SINGAPORE - More Singaporeans remain socially conservative - preferring some censorship in the public interest and rejecting gay lifestyles - although the younger generations are increasingly liberal.
In the survey of 4,000 citizens commissioned by the Our Singapore Conversation (OSC) exercise, a section on social values asked respondents to pick between opposing goals.
For example, they were asked if they preferred "limits on freedom of expression to prevent social tensions" or "complete freedom of expression even at risk of social tensions". Some 40 per cent went for limits, while 37 per cent went for complete freedom.
The rest had no preference. Asked if they preferred to "censor media content to protect public interest" or "do not censor media content at all", 39 per cent picked censorship while 36 per cent went the other way.
On alternative lifestyles, more respondents rejected gay lifestyles and marriage than accepted them. Around 47 per cent said they rejected gay lifestyles, while 26 per cent said they accepted them; 55 per cent rejected gay marriage, while 21 per cent accepted it. The rest were neutral.
What jumped out to researchers was the generational disparity in respondents' picks. On gay lifestyles especially, the younger the respondent, the more likely he was to signal acceptance.
Among those aged 50 to 69 years old, for example, the scales were tipped 56 per cent to 20 per cent with the majority rejecting gay lifestyles. This balanced out among those aged 20 to 34: the proportion of those who accepted and rejected gay lifestyles was even at 35 per cent each.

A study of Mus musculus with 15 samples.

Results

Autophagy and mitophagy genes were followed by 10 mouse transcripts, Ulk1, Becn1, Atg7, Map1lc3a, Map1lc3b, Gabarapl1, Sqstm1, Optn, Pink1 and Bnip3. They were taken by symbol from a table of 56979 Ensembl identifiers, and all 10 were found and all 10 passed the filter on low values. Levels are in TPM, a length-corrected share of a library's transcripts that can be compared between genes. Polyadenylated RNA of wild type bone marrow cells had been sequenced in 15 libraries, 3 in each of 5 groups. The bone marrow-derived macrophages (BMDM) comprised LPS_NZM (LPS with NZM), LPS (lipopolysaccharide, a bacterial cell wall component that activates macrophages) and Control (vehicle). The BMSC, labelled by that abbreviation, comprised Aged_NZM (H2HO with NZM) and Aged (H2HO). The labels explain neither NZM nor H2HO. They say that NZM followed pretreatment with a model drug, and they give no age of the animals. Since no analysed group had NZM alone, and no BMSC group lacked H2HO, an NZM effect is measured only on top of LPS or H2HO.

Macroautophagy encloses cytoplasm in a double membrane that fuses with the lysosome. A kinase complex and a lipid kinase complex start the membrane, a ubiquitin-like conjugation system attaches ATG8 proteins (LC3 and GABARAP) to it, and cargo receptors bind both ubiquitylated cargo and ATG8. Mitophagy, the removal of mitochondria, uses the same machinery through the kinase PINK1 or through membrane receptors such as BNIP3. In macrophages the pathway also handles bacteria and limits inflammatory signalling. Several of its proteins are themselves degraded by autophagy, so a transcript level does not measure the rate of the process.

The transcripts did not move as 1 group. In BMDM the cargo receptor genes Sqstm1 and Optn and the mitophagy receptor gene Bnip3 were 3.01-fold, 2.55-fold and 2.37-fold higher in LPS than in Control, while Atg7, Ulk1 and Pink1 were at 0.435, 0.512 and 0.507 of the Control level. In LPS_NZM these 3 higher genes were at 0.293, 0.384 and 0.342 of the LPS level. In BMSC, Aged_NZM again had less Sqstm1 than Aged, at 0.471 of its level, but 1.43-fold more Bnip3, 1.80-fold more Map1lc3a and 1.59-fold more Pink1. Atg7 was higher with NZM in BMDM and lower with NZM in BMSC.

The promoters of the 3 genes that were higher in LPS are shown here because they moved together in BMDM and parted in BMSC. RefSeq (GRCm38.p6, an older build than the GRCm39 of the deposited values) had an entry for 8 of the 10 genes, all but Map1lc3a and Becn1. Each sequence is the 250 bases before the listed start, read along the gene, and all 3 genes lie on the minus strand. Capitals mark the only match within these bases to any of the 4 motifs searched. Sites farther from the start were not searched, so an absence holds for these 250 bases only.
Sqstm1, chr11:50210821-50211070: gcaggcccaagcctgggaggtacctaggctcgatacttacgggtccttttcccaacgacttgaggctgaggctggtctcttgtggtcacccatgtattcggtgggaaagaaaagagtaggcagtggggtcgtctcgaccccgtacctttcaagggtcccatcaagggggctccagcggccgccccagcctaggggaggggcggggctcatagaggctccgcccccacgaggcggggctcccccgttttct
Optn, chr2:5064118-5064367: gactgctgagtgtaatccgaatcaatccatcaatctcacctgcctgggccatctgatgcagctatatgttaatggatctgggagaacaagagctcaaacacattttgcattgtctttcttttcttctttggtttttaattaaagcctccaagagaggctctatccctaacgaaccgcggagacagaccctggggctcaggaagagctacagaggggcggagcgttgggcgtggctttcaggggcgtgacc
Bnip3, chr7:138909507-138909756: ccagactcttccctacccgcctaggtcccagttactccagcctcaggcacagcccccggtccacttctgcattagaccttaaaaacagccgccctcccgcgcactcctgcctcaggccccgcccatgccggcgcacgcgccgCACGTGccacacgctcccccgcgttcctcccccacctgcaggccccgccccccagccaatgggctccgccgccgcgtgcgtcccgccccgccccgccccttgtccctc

A similar trend was observed in respondents' picks on censorship and freedom of expression.
But National University of Singapore sociologist Tan Ern Ser said that the trend did not mean Singapore will inevitably liberalise over time. "There are two theories among researchers on social values... One is the life-cycle theory, that people change from being liberal to conservative as they grow older."
For instance, one's answer to whether those below age 21 should be allowed to watch R(A) films would likely change from when one is 18, to when one is the parent of an 18-year-old, he said.
But the other theory is that social values tend to conform to the era where one is born, and then remain more or less fixed throughout one's life. To tell which theory pans out in Singapore, these questions would have to be repeated in surveys in the future.
Chua Chu Kang GRC MP Zaqy Mohamad said the Internet has been a game-changer in exposing the younger generation to broader influences than their parents.
But signalling acceptance of gay lifestyles on an abstract level when one is young does not rule out a different reaction should, for example, one's children in the future come out as gay. "Society is changing, but we are not quite sure how much and how far."